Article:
Commentary by Bill Bullard, CEO, R-CALF USA
Billings, MT | The United States Secretary of Agriculture has an absolute statutory duty to “strengthen [America’s] family farm system” of agriculture (7 U.S.C. 2204b(c)(2)(D)), including to develop solutions to problems faced by “small- and moderate-sized family farming operations.” (7 U.S.C. 2204(b).
But there’s a prominent agency within the department that doesn’t think writing regulations that directly harm the economic and financial interests of family farmers and ranchers is inconsistent with the Secretary’s statutory obligation.
Here’s how I know this.
In January, the Animal and Plant Health Inspection Service (APHIS) an agency of the U.S. Department of Agriculture (USDA) issued a proposed regulation to require U.S. cattle ranchers to affix costly radio frequency identification (RFID) eartags on their cattle at an estimated total cost of over $26 million annually to affected cattle producers – all those who ship adult cattle across state lines.
We commented on this proposal and urged APHIS to withdraw its mandate because, among other things, the proposed rule that imposed a $26 million cost on cattle producers would impose an untenable financial burden on independent cattle producers.
Then, in March, APHIS proposed another rule, this one to open the United States market to imports of fresh and frozen beef from Paraguay, a country that is not considered free of the most highly contagious disease known to cattle – foot and mouth disease or FMD. That proposed rule stated that in return for increasing the risk of introducing FMD into the United States, cattle producers in the United States would suffer up to a $24 million loss.
We commented on this proposal too. And in our comments, we stated the proposed rule that was certain to cause millions of dollars of losses to U.S. cattle producers was antithetical to the Secretary of Agriculture’s statutory obligation to help, not hurt, America’s family cattle farmers and ranchers.
Now, unlike the RFID rule that has not yet been finalized, the Paraguay rule has, and APHIS responded directly to our argument about the Secretary’s duty to help, not hurt, America’s family cattle farmers and ranchers.
Now I’m not making this up. Here’s what APHIS said in the final rule:
[The Secretary’s statutory obligation] does not represent an overriding ministerial obligation. This [Paraguayan] rulemaking was issued pursuant to a different statute, the Animal Health Protection Act (AHPA, 7 U.S.C. 8301– 8317), which is not mutually contradictory with the statute cited by the commenter [the statute R-CALF USA cited that states the Secretary’s duty is to help family farmers and ranchers].
So, in a matter of just three months – January through March of this year – APHIS proposed to burden independent U.S. cattle producers with an unnecessary RFID mandate that will cost $26 million – a cost that producers will have no way to recover in the marketplace. And, it has finalized a rule that will burden independent U.S. cattle producers by another $24 million by allowing high-risk and unnecessary imports of fresh and frozen beef from Paraguay.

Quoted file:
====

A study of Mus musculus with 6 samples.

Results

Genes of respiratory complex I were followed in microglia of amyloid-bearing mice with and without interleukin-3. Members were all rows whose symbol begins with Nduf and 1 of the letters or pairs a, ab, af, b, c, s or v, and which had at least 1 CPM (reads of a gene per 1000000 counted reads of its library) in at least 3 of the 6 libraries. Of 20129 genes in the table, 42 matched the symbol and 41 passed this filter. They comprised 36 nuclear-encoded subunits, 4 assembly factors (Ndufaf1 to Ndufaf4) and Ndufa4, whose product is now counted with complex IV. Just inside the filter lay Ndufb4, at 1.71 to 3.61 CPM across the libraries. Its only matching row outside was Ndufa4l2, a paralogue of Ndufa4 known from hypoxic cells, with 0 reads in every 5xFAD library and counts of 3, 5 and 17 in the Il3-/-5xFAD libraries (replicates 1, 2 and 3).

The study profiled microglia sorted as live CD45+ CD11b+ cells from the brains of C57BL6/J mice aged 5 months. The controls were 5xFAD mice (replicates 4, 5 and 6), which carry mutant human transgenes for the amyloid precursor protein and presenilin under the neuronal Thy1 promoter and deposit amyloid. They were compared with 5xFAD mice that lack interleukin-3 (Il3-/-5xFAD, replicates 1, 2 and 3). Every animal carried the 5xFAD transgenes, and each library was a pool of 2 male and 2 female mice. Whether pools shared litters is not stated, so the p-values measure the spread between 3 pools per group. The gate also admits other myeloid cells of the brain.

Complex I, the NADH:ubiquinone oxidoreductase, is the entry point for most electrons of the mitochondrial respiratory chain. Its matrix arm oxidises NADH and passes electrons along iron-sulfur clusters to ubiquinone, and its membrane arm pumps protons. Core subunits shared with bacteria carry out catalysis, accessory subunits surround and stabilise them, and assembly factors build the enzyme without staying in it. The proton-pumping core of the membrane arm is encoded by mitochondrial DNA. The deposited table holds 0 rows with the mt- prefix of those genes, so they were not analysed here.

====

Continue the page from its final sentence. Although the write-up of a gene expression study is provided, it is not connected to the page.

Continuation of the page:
Now, $26 million here, and $24 million there, doesn’t anyone think we’re talking real money?
And consider this. The USDA’s own data reporting on U.S. production costs for U.S. family cattle farmers and ranchers show they haven’t been able to recover all their costs of production in the marketplace for over a decade. And, yet the USDA is willfully and knowingly burdening them with tens of millions of dollars in additional costs, with no expectation whatsoever that those millions will ever be recovered.
What’s going on here? If not America’s family farmers and ranchers, who is APHIS and its USDA parent beholden to? Is it the multinational eartag companies and packers who want to control these family farmers and ranchers by requiring them to register their RFID tagged cattle in some national registry? Is it the multinational beef packers whose profits will soar when they can import cheaper, albeit high-risk beef from foreign countries and pass it off to U.S. consumers without even a country-of-origin label?
I think you know what I think, but you deserve to know the truth. You deserve to know why, when our government says it’s concerned about the chronic, long-term loss of America’s family farmers and ranchers, does it continue writing burdensome regulations that will cause even more family farmers and ranchers to go out of business.
You should be angry. And you should call the President and your members of Congress and ask them why your tax dollars are funding a U.S. Department of Agriculture that cares not for the survivability of America’s food producers.
I hope you make those calls because your silence is deafening. Here’s a place to start: you can call the White House at (202) 456-1111 and tell them you want to know.
Ranchers Cattlemen Action Legal Fund United Stockgrowers of America (R-CALF USA) is the largest producer-only trade association in the United States. It is a national, nonprofit organization dedicated to ensuring the continued profitability and viability of the U.S. cattle and sheep industries. Visit www.r-calfusa.com or call 406-252-2516 for more information.